Quote of the Week on Mandatory Membership

I don’t like that only paying members have the opportunity to speak, and to represent. This is what causes and perpetuates elitism, and marginalization.

Barbara Jane Reyes

I spend a lot of time on this blog highlighting conferences and events in academe. One of the things I try to push to the foreground is those groups/events that offer free attendance, child care, or otherwise offer access to conference information without added cost. My point has always been that while academia was expanding its ranks until the recent recession, it was not expanding its definition of “scholar” to include those who come from poor schools (ie no funding) or working class backgrounds for whom the cost of travel, stay, and attendance are not covered by the uni or their own savings but from loans or family sacrifice. Nor have we reached a point where “open to the community” translates to community members having the same right to speak as established academics since membership fees are still a requirement. Whether we are asking for fees from current academics with no funding, from independent scholars with formal credentials, or activists and other community members with no ties to academe it seems clear from those critiquing the system that the majority of these people will be excluded in favor of well established and well funded scholars. And how does one become established as a Junior in academe? Conferencing and publishing, and while it takes a recognized article to get attention if you don’t/can’t conference, it only takes a collegial demeanor at conferences (and not giving a horrible paper) to make connections that can get you employed later. So the system is broken in terms of inclusivity of all scholars regardless of relationship to the uni and new scholars trying to thrive in this environment.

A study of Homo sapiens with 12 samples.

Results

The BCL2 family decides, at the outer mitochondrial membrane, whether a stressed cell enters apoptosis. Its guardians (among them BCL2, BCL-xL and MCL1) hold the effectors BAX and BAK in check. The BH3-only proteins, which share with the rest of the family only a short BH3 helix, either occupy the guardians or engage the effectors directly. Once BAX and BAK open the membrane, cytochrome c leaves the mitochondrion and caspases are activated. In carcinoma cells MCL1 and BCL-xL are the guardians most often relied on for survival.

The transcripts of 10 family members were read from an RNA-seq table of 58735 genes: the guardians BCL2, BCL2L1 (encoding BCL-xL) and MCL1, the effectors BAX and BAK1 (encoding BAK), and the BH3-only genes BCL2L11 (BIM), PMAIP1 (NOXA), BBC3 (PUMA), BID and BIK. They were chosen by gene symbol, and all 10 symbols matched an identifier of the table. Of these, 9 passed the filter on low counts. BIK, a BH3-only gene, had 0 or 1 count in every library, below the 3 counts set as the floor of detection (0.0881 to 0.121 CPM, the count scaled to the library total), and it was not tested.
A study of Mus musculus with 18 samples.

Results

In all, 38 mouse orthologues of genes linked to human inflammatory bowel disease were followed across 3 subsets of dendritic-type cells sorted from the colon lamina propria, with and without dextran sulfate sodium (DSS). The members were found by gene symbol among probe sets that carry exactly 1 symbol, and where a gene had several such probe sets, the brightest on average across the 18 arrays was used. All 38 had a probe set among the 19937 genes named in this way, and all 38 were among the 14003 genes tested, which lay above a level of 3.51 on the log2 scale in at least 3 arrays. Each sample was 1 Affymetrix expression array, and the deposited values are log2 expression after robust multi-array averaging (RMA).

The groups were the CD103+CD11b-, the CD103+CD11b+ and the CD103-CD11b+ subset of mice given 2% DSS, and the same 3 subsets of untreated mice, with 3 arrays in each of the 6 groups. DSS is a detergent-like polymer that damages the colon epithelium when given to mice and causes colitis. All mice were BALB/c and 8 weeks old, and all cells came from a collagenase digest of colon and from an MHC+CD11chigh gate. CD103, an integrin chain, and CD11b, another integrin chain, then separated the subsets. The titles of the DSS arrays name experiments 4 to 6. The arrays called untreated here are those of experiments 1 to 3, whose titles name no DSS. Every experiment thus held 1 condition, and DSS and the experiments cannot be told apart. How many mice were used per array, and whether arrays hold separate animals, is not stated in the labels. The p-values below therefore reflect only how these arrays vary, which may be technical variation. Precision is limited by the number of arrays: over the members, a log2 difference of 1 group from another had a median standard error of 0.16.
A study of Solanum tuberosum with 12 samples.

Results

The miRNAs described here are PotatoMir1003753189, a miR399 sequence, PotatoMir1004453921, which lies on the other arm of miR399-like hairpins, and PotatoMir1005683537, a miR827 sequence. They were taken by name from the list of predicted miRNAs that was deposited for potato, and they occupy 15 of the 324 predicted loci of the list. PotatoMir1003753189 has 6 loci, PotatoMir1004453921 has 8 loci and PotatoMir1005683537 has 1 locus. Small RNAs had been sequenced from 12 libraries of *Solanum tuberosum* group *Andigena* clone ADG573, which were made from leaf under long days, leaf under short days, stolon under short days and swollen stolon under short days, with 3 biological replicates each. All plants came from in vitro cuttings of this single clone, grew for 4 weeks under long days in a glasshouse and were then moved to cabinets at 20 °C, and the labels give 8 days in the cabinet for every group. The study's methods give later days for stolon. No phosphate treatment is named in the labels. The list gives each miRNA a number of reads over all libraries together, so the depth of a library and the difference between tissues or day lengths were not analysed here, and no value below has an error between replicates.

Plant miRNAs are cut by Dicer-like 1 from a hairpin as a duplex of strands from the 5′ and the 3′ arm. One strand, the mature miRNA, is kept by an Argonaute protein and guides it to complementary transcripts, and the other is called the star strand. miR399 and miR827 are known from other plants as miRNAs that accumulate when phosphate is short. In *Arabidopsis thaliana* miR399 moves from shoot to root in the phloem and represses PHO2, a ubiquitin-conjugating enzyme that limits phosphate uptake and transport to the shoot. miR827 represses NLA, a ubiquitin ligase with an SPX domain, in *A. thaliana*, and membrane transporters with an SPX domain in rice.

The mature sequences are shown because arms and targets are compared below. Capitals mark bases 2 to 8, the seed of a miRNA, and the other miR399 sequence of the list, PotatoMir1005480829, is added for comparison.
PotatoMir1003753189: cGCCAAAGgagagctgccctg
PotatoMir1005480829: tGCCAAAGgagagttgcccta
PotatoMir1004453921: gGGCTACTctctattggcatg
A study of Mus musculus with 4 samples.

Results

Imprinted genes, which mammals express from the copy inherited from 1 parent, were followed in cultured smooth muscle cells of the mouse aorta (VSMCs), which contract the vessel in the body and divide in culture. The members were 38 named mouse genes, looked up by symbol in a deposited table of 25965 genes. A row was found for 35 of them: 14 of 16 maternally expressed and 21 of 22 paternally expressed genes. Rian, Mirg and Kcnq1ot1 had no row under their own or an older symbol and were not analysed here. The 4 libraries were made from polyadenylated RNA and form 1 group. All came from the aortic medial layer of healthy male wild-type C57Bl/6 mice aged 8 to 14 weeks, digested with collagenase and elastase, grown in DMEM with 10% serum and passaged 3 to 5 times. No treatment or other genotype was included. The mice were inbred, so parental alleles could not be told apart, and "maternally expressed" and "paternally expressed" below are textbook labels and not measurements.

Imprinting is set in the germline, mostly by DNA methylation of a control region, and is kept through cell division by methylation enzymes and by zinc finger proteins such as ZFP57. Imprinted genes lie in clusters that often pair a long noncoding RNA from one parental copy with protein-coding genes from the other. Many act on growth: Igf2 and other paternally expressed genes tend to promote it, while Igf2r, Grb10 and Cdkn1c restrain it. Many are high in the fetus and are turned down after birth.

Reyes’ quote reminds that for many people bringing important alternative perspectives to academic conferences the cost is not only prohibited but also the assumption of the cost as normative excludes many of the people whose perspectives have been traditionally marginalized in academe.  While I understand that we need those dues more than ever to pull off conferences and keep national organizations thriving each year, I wonder about why there are so many conferences doing it differently at the local and regional level while so many of us stay stuck in the same basic model of leisure-scholar?

I once had this conversation about the work for fees plan that allows those without funds to go to the conference for 1 day for full day of service they give the conference. For non-local people, that day of service is the equivalent of an extra day of hotel costs and for both local and non-local scholars that day is the equivalent of lost conferencing time.  There are ways to schedule one’s service to minimize both of these costs but those options are left to the scholars and community members themselves and not part of the aid process. Nor does either wave the required membership fees.

The funding thing is my issue. There is a whole lot to think about in Reyes’ quick post, beyond just the funding issue. In particular, she muses about the meaning of representation and what it means to be the go-to-gal.  I urge you to follow the link at the top to her entire post and think about the changes that you can help make in any of the conferences you will be involved in at the end of this academic year or the upcoming one.